Attorneys & Professionals
On June 28, 2011, the Ohio Environmental Protection Agency ("Ohio EPA") released a letter to the oil and gas industry requesting comments on its proposed Draft General Permit for a Natural Gas Extraction Well Site Production Line (the "Draft GP"). The Ohio EPA worked with industry contacts to understand shale development and the equipment involved so that it could address the oil and gas industry’s permitting needs. In order to make the permitting process as efficient as possible, the Ohio EPA proposed the Draft GP as the appropriate permit for oil and gas production activities associated with Marcellus and Utica Shale development.
Generally, air permitting takes between 6 and 18 months in Ohio depending upon the number of air contaminant sources and their complexity. A new facility has to apply for a permit to install (PTI) before commencing construction on the site. The application has to list all of the sources and provide all of the supporting technical data for each source. That information includes: operating rates, emission rates, pollutant identification and analysis of air impacts (especially for air toxics and hazardous air pollutants). The Ohio EPA will evaluate each source and all of the anticipated emissions to set emission and operating limits for every source. This process can be lengthy because of the many questions that arise and the amount of time required to respond. Construction cannot begin until the Ohio EPA issues the final PTI. Thus, the Ohio EPA is trying to make the PTI process more efficient for oil and gas production.
A general permit would make the process much easier for those facilities that qualify. If a new facility believes that its emission units meet the criteria for a general permit, it simply completes the Qualifying Criteria Document and the application and files those with the Ohio EPA. If the agency determines that the facility qualifies, it will issue the general permit in place of the PTI. Once that is issued, the facility can begin construction. This entire process could take as little as two weeks.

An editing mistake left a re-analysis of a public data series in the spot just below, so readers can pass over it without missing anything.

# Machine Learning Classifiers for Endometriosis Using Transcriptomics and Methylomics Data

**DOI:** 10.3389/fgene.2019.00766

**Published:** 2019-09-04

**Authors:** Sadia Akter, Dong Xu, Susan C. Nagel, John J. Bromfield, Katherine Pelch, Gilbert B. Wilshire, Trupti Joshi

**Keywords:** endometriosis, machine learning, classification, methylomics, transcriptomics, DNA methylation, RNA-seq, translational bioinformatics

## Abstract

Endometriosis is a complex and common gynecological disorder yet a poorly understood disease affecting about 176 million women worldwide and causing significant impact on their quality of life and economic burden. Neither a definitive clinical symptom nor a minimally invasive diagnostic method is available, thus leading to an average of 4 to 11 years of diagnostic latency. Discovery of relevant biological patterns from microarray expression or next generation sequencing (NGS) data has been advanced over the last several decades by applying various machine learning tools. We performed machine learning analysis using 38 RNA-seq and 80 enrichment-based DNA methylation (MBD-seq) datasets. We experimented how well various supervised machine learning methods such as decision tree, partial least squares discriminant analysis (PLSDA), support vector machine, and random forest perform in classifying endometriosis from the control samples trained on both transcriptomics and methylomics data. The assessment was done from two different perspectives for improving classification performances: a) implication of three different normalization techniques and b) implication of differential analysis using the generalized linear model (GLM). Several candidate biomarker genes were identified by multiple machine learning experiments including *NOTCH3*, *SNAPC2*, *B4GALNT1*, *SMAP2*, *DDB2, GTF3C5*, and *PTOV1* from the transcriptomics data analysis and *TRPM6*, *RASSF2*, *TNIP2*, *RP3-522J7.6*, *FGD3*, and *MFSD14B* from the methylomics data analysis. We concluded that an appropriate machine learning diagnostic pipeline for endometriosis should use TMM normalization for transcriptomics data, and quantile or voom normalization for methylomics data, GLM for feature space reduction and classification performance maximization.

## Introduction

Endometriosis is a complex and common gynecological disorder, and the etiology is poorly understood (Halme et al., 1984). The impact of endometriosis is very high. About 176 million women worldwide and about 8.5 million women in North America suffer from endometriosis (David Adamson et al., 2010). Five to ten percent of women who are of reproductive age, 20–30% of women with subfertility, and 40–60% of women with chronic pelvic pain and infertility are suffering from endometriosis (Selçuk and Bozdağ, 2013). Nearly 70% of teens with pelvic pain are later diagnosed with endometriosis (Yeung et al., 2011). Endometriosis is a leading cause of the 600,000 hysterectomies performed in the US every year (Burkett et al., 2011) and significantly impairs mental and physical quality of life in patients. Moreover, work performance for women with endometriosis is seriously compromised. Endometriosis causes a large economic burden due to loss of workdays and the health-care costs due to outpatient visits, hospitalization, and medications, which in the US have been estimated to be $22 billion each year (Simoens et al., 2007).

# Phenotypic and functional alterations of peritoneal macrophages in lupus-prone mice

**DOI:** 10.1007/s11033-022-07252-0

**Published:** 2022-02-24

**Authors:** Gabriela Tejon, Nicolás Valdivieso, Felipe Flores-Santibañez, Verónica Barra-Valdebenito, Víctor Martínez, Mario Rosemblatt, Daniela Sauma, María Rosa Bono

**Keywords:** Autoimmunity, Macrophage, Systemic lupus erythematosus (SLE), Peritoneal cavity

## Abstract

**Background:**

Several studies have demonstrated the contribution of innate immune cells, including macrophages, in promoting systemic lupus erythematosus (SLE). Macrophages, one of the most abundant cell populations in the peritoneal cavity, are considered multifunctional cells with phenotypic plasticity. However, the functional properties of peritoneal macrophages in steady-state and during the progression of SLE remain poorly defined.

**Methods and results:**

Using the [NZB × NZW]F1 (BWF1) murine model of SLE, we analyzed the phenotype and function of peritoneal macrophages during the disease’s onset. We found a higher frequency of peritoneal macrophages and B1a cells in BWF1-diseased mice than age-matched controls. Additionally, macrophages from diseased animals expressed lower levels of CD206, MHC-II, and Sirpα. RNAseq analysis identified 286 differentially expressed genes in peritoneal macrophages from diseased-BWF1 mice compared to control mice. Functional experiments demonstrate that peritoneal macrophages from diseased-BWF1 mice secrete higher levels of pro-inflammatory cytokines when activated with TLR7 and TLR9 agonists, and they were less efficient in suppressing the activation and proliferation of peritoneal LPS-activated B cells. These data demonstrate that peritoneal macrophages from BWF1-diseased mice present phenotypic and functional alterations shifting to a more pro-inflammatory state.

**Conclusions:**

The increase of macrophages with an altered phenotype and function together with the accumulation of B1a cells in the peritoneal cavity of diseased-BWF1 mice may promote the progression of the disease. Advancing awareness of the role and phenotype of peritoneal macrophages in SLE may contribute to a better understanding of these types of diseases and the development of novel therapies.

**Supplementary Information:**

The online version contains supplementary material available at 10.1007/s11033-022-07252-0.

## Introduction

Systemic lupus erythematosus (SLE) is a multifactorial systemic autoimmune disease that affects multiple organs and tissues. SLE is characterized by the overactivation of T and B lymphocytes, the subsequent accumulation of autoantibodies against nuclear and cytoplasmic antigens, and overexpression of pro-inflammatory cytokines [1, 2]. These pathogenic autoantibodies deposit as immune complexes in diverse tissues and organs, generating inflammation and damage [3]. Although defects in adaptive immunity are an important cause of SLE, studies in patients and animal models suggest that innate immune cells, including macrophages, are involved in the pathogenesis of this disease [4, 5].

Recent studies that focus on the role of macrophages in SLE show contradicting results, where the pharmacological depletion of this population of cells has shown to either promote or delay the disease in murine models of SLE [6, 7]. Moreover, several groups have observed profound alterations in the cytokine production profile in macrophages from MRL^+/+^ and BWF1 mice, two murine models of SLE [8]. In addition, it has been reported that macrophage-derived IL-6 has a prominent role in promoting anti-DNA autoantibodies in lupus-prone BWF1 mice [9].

The Draft GP identifies several production activities that may need permits. These include: the natural gas production system (separators, heater/boilers, equipment/pipeline leaks and dehydrators); spark ignition internal combustion engines (two 215 horse-power units); unpaved roadways; truck loading rack; condensate storage tanks (up to four 16,800 gallon tanks); and combustion device/flare. For each of these production activities, the Draft GP identifies the applicable environmental laws and regulations and establishes emission limits. It also establishes the compliance mechanisms such as monitoring, recordkeeping, reporting and testing. Once issued, the Draft GP will provide the legally enforceable terms and conditions for oil and gas production activities. Consequently, it is important that the emission limits and operational restrictions provide Ohio’s producers enough flexibility to operate within the Draft GP’s limits.
The Ohio EPA’s letter acknowledges that the activities that occur during the drilling and fracking stage are exempt from permitting because they are temporary. The Draft GP also states that de minimis or categorically exempt sources are exempt from permitting under Ohio law, and they are exempt from the Draft GP as well. Each producer will need to evaluate its well sites to determine whether its production activities are exempt or whether permitting is necessary.
Although the Ohio EPA’s letter requested comments by July 8, 2011, the Ohio EPA subsequently indicated that it intends to accept more comments up to the issuance of a final version of the Draft GP for public comment. At that point, the Ohio EPA will begin accepting official comments on the record for 30 days after which the Draft GP will become final.
This client alert is for general information purposes and should not be regarded as legal advice.